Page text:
Easing COVID alert level a risky gamble
REELING from the sudden rise in COVID-19 cases nationwide after the holidays, many people are now asking if the easing of the pandemic alert from Level 3 to 2 on Jan. 1 (supposedly until Jan. 15) was a science-based decision or a political calculated risk that misfired.
The resulting upsurge of cases jolted a nation hoping to enter the New Year less worried about the coronavirus and its variants that have infected more than 2,850,000 Filipinos and killed at least 51,580 since the first Wuhan strain leaped to Manila in January 2020.
With vaccinations ramped up in the last quarter of 2021, the number of new cases had dropped to a daily average of less than 1,000. That encouraged the government to lower the alert from Level 3 to 2 to give an air of normalcy during the holidays and to stimulate the economy.
But the day after COVID-19 protocols were relaxed, mainly by allowing people to move around and for businesses to accommodate more customers, the daily count of infections rose to 3,617 with deaths numbering 133.
More mobility was good for the people’s mood and the economy, but health safeguards seemed to have been neglected. Photos and videos show throngs flocking to malls, markets and other public places without minding proper distancing and the wearing of masks.
If it’s any consolation, other countries and major capitals also reported infection surges, mostly blamed on the Omicron variant. Some countries have started to have problems also with vaccine fatigue, forcing some of them to mandate inoculations.
As of yesterday, the United States continued to top the COVID-19 global scoreboard, with 55,864,519 cases and 847,162 deaths. The Philippines is ranked No. 21 on a list of 224 countries and territories. It is second to Indonesia (No. 14) among the members of the Association of Southeast Asian Nations. Malaysia comes next to it at No. 22.
Reproduction number refers to how many people are infected or contaminated by one case or carrier. A reproduction number below 1 indicates that the transmission is slowing down.
On the other hand, the positivity rate refers to the percentage of people found positive for COVID-19 among the total number of individuals tested. The country’s 28-percent positivity rate reported over the weekend, quite high, is cause for concern.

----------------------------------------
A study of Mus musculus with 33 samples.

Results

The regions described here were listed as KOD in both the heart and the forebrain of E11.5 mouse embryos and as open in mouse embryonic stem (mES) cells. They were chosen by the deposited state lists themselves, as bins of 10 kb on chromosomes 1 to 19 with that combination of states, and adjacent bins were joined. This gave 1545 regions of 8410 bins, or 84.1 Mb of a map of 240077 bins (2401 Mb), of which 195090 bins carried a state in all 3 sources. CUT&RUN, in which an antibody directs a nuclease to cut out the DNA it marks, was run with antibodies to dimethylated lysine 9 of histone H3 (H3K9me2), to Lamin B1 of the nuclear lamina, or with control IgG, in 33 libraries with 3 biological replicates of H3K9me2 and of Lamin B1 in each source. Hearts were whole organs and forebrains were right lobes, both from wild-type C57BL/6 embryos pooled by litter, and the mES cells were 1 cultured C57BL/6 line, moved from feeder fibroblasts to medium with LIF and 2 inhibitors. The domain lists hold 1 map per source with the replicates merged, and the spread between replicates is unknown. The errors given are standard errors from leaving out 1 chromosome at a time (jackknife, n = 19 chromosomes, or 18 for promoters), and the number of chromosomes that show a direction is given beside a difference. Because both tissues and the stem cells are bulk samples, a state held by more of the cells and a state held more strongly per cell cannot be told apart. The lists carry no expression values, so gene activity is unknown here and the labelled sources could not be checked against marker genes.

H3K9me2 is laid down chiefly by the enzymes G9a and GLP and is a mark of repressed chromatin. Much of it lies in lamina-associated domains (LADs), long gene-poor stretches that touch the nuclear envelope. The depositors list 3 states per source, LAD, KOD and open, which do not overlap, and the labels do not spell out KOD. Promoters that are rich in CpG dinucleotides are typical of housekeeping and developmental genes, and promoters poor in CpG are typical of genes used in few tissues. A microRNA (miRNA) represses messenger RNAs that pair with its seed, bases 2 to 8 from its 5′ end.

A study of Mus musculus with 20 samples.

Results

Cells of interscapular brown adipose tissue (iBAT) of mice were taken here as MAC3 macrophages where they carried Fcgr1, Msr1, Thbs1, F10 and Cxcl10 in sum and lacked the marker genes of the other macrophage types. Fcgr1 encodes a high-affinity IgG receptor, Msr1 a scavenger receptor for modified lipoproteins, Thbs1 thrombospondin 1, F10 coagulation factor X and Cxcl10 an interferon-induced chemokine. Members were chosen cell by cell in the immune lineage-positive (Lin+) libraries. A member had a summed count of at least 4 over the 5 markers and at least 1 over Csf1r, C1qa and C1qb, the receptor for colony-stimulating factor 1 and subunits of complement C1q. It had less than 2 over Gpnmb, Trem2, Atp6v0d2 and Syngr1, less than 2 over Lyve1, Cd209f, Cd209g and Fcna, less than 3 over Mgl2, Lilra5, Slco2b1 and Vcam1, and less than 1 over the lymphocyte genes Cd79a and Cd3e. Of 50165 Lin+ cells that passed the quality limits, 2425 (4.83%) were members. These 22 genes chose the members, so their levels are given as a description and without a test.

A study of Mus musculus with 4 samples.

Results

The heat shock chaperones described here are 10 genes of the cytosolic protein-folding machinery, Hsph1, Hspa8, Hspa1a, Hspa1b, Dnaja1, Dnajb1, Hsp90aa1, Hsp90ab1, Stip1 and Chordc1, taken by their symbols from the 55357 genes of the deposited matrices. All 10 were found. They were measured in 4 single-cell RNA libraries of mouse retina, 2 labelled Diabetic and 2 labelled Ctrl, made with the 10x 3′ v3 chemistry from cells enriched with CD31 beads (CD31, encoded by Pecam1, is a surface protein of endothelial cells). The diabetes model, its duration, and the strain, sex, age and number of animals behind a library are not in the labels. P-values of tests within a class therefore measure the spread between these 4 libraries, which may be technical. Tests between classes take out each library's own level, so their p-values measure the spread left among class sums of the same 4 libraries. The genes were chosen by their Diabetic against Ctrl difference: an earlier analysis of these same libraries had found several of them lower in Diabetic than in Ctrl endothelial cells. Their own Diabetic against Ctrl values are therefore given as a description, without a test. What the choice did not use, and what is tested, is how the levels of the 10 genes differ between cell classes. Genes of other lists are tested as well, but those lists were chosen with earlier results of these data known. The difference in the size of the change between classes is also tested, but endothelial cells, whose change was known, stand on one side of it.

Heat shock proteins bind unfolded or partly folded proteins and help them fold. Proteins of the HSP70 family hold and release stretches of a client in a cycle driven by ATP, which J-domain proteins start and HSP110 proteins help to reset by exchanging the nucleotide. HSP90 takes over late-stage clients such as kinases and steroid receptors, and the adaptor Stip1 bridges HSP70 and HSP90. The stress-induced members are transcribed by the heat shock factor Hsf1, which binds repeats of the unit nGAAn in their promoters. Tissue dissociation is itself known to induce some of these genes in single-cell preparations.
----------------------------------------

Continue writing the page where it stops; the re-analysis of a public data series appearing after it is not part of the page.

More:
The World Health Organization advised governments in May 2020 that before reopening their areas, their positivity rate should be at 5 percent or lower for at least 14 days. A 5-percent rate means that 5 out of every 100 persons tested prove to be positive of COVID-19.
With more infected people walking around, some of whom may not even be aware that they are carriers, the higher is the possibility of their spreading the virus. The unchecked contamination complicates tracing and treatment.
The possibility of thus spreading the disease is higher with the latest Omicron variant, which is said to be more transmissible, although it is reportedly less likely to result in severe infection or prolonged hospitalization.
Dr. Maricar Limpin, head of the Philippine College of Physicians, told Super Radyo dzBB that the downgrading of the alert level was too sudden. She said that increased mobility may have contributed to the spike in infections.
She cited the case of children who were let loose even if they have not been vaccinated and are therefore more vulnerable to infection. Many of them do not bother with health standards and social distancing, she noted.
Another point being raised in other forums is whether politics influenced the decision to take the calculated risk of easing people’s mobility that early and ramping up business operations, with one eye on the national elections in May.
Whether it was a miscalculation or not, with the unseen virus/variants refusing to cooperate, Level 2 has been raised back to the stricter Level 3 until Jan. 15 – for how long after and in what areas, only the officials holding the levers know.
OCTA Research fellow Guido David, for one, pointed out that as the reproduction number in the NCR had climbed to 4.05, the seven-day average in new cases had increased from 90 to 962 in the past week, good for a 969 percent increase.
Seeing the DoH daily report showing 3,617 cases out of 29,239 tests, David said he was expecting about the same range – possibly 3,500 to 4,000 in the country and 2,500 to 3,000 in the NCR. He said the numbers could settle down to around 2,000 cases per day.
He said on Twitter: “NCR positivity rate spikes even higher to 28 percent. I now expect the same range of new cases as yesterday. Possibly 3,500 to 4,000 in PH and 2500 to 3000 in NCR. Please wear your masks.”
David also noted that the number of occupied hospital beds for COVID-19 patients in Metro Manila increased by 41 percent in one week from 1,381 on Dec. 24 to 1,942 on Dec. 31. Hospital bed occupancy in the NCR is now at 23 percent while ICU occupancy is at 25 percent, still below the 70-percent critical threshold, he said.